Of American-English origin, the informal phrase don’t hold your breath means don’t wait in anxious anticipation.
The image is of somebody holding their breath when anxious or excited about something—this is the image “it might hurt you” jocularly alludes to in the text containing the second-earliest occurrence of the phrase that I have found, from The Fort Scott Democrat (Fort Scott, Kansas) of Saturday 8th June 1861:
Readers of the Democrat haven’t we presented you with a good number of this paper. We pause for a reply—but don’t hold your breath till you hear from us again; it might hurt you.
G. A. Reynolds.
The earliest occurrence of the phrase that I have found is from the beginning of Man Over the Falls, about a man whose idée fixe was to plunge over a waterfall, published in The American Citizen (Jackson, Michigan) of Wednesday 15th November 1854:
Don’t hold your breath, dear reader, for he is entirely safe now, and survives to tell his own story—“But how did it happen?”—That is just the point where truth is stranger than fiction—for this event occurred not by any sudden accident, but of his own will, and that too notwithstanding the fact, that he had once previously taken the plunge over this awful cataract, and five or six years after had been drawn out the foaming waters far below, senseless, bruised, and bleeding.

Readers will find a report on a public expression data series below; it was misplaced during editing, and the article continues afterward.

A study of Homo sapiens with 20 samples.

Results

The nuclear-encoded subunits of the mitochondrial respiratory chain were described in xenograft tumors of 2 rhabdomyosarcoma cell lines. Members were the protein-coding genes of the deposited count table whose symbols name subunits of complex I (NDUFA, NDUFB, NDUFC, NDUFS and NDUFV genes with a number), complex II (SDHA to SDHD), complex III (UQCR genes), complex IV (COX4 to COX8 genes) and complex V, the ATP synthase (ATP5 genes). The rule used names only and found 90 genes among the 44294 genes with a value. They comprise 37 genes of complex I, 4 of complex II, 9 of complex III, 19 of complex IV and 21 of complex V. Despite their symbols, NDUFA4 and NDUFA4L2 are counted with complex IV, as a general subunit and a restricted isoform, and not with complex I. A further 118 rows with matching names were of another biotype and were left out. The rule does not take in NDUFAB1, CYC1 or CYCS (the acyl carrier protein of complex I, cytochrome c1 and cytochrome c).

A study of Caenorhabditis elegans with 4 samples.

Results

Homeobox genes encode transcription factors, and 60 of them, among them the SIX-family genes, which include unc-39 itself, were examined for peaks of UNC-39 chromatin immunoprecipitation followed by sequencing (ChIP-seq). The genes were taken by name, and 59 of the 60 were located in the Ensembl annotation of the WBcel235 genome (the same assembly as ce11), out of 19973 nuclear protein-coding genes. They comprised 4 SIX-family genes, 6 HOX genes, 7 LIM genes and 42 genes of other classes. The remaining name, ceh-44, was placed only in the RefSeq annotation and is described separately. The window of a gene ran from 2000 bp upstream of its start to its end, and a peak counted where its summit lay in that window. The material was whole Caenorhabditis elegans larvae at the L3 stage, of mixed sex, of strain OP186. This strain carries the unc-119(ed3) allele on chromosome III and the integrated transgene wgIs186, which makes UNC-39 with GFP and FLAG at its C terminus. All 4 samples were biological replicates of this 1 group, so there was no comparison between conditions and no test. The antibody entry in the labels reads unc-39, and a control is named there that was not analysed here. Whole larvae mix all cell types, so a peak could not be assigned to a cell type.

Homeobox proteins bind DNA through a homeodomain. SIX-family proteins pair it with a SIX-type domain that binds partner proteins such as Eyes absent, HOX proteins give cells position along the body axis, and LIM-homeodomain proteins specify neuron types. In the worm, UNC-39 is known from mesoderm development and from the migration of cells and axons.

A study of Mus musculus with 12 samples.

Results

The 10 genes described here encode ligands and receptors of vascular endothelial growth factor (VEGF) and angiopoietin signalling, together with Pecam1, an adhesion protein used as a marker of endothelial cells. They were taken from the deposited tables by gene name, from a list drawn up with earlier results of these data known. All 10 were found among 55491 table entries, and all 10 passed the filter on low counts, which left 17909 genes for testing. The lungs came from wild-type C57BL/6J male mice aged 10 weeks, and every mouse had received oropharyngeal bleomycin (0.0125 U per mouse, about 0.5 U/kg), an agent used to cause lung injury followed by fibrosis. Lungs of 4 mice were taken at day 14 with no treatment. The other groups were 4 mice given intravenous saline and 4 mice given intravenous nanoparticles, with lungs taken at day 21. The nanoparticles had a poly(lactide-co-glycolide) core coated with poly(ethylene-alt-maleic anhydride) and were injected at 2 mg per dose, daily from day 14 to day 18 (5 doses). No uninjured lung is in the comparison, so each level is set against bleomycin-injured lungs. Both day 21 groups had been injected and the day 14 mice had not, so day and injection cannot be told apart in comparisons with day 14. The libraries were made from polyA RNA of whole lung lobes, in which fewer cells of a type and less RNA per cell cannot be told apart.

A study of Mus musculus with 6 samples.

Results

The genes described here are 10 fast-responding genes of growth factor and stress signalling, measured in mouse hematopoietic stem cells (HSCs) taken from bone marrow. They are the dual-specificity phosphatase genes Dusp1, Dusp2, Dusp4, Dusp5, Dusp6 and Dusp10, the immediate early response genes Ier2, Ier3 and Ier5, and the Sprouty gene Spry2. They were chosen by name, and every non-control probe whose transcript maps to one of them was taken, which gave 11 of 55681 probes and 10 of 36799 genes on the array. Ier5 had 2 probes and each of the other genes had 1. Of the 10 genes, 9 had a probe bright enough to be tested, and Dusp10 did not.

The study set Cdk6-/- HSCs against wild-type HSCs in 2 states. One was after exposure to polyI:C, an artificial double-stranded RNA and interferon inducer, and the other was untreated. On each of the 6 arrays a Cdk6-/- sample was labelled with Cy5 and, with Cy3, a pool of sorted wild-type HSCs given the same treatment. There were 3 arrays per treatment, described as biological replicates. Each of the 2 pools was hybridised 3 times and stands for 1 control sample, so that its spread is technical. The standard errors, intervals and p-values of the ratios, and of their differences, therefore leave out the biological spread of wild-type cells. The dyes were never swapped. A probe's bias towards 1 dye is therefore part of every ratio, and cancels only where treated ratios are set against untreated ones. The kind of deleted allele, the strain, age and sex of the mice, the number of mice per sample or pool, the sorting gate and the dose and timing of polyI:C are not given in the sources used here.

The phrase then occurs in the following from The Appleton Post (Appleton, Wisconsin) of Thursday 13th January 1870:
Don’t hold your breath waiting for Minnie Warren * to die, out there in California. The story of her expected demise arose from some joker’s assertion that she couldn’t live long.
* This probably refers to Minnie Warren (died 1878), an entertainer, affected by dwarfism, associated with the U.S. showman Phineas Taylor Barnum (1810-1891).
The phrase has often been used punningly—as in the following from the column Today in Queen’s Park, by Don O’Hearn, published in The Windsor Star (Windsor, Ontario, Canada) of Saturday 29th October 1966:
Toronto — […] Improvement in air pollution control in this area is expected within three years. But don’t hold your breath meanwhile.
The phrase is also used punningly in this advertisement for the indoor air quality solutions provided by Munn’s, published in The Lake Sentinel (Orlando, Florida) of Thursday 9th October 1997:
HOLD THAT BREATH
Our Healthy Indoor Living experts are specially trained to find a problem at its source and correct it. If your duct system isn’t contaminated, we’ll be the first to tell you. And wouldn’t you breathe a little easier just knowing? Give Munn’s a call today at 787-7741.
Don’t hold your breath any longer, just give us a call while you’re thinking about it at 787-7741. Thank you.